Create adorable, memorable images with newborn photography.
Newborn photography captures a little one’s first days. It’s also an exercise in preparation, patience, and safety precautions.
Baby’s first photoshoot.
Everyone loves cute photos, and few things are cuter than a tiny baby. Newborn photography captures babies at their most peaceful and “aww!”-worthy moments. It can be one of the most rewarding assignments a professional photographer can have. But working with subjects that can’t take direction means newborn studio sessions require planning and care. “You’ve got to have patience,” says photographer Natalie Buck. “It looks fun, but you have to be ready to get pooped on.
Newborn photography tips.
Newborn photography requires planning both on the part of the photographer and the parents. “I send my clients a prep guide and give them an idea of what’s going to happen during the session,” says Buck. Newborn sessions tend to be on the quicker side. Depending on how the baby is feeling, you may get a solid half hour or only 10 good minutes. Be ready to work fast and make the most of the time when the baby is asleep, calm, or feeling good.
Make sure your photography studio is a good environment for a newborn. Babies like warm environments, so have a space heater ready regardless of the season. “I tell my clients who are doing at-home shots not to turn on the AC. Keep it at least 70 degrees,” says photographer Jaqueline Vega. “My studio is always nice and warm for a baby.”
Sleepy newborns are your friend. Unlike professional models, newborns do not take direction from photographers. The only way to make sure they won’t move during the shot is to take photos when they’re asleep. Swaddling them can help with that. “Once you wrap the baby, don’t unwrap them until you’re done with all of those poses,” says Vega. “If you take the wrap off, they’ll wake up.”
Natural light and tiny newborns often look great together, especially early in the day. “If you’re going to be shooting in the home and using natural light, I recommend shooting in the morning,” says Vega. “I usually like to start by 10am. That time allows for nice, bright natural light.”
Keep the little one safe and healthy.
A baby’s well-being is more important than anything else during the shoot. “It’s not just about knowing how to take photos. It’s also about safety,” says Buck. “You’ve got to know how to hold babies and pose them without hurting them.” To facilitate the best sessions, learn how to handle the baby and what to do if they wake up and cry.
Never leave the baby unattended during the shoot. “I always have a spotter. A parent within arm’s reach,” says Vega. A newborn photo might look like the baby is asleep alone on a cushion, but an adult always needs to be close.
Babies that are hungry or need a diaper change are part of the newborn photography game. Be ready when they cry out for their physical needs. After the shoot, launder and sanitize all of the props and outfits you use to make sure they are nice and clean for the next baby.
Costumes, props, and gear for a newborn baby.
When gathering equipment for newborn photoshoots, start with the basics. “Every newborn photographer should have wraps,” says Vega. Skin-toned and neutral-colored wraps are good options to have on hand as they give you options that go well with whatever the parents choose to wear. Once you have a good collection of wraps and other basics like headbands, branch out. Many professional newborn photographers keep tiny costumes on hand to dress up their subjects as bunnies or teddy bears.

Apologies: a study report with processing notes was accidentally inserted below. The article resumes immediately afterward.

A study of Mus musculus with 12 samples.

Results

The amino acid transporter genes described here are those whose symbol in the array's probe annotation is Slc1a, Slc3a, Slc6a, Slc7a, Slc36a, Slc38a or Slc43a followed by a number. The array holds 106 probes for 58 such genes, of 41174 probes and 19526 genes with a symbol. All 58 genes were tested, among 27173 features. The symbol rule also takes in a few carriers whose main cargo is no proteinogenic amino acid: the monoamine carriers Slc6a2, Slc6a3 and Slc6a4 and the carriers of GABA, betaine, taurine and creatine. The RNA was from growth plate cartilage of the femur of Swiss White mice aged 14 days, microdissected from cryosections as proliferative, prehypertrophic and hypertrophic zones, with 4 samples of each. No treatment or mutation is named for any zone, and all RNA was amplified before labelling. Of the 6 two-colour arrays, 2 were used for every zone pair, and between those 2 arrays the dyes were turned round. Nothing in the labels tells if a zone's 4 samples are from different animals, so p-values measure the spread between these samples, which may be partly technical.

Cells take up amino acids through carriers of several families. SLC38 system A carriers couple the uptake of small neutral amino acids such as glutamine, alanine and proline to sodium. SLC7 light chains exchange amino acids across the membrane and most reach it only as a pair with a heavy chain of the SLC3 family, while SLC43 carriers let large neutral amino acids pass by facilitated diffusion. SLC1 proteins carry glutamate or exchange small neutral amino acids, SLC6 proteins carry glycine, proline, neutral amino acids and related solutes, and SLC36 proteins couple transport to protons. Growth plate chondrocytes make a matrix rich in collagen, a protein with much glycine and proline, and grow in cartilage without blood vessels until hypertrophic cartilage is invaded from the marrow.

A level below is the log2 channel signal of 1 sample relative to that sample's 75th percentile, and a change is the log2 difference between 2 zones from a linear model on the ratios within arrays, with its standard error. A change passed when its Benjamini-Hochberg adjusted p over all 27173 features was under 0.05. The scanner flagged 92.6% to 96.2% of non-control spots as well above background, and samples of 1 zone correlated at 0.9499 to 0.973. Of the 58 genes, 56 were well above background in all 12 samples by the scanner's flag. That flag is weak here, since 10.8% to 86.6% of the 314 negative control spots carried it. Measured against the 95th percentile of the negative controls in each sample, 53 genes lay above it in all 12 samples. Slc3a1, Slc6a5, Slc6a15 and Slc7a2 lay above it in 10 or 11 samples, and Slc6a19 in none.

Regardless of how you dress the newborn, make sure you have something comfortable for the baby to rest on during the shoot like a bean bag, pillow, or cushion.
Often parents want shoots to be more individualized than simply showing their baby in a wrap. Parents may want the shoot to reflect their jobs, hobbies, or something about them. Having an array of props for that can be useful. “I have a lot of parents who want to do things related to their career. I’ve had doctors who put their baby in a little doctor outfit,” says Vega. “That’s why I carry a large range of things.” Communicate with clients so they can bring their own props too, if they have something specific they want their baby photographed with.
Post-production for baby photography.
After the shoot, be ready to work in Adobe Photoshop Lightroom and Photoshop to give the baby an even skin tone. You can edit out any marks on their skin. “A lot of newborns have blotchy skin, are dealing with jaundice, or have baby acne,” says Vega. “I always smooth their skin out.” This is especially true for close-ups of a baby, which can highlight an infant’s skin blemishes.
Post-production is an opportunity to use photo editing skills to put the baby in a fantastic or whimsical setting like outer space or a fairy forest. If you’re combining the newborn with a fun background, light and shoot the background the same way you did the baby, and make sure that shadows and lights all match. “If you just isolate the baby and put it on the background it doesn’t look real,” says Buck.
Photographing the stages of life.
Newborn photography is more than cute, it’s a great opportunity for photographers to maintain long-term clients. Many families have walls of photos documenting the stages of life, from first dates to graduations, and being a professional photographer means that you can help document people’s lives and relationships. Engagement photos and wedding photography may only happen once, but if you have a good rapport with a couple you provide maternity shoots, newborns, family photography for holiday cards, graduation pictures, and more. Newborn photography is one more way that you can be there for your clients, and help them commemorate the most important moments of their lives.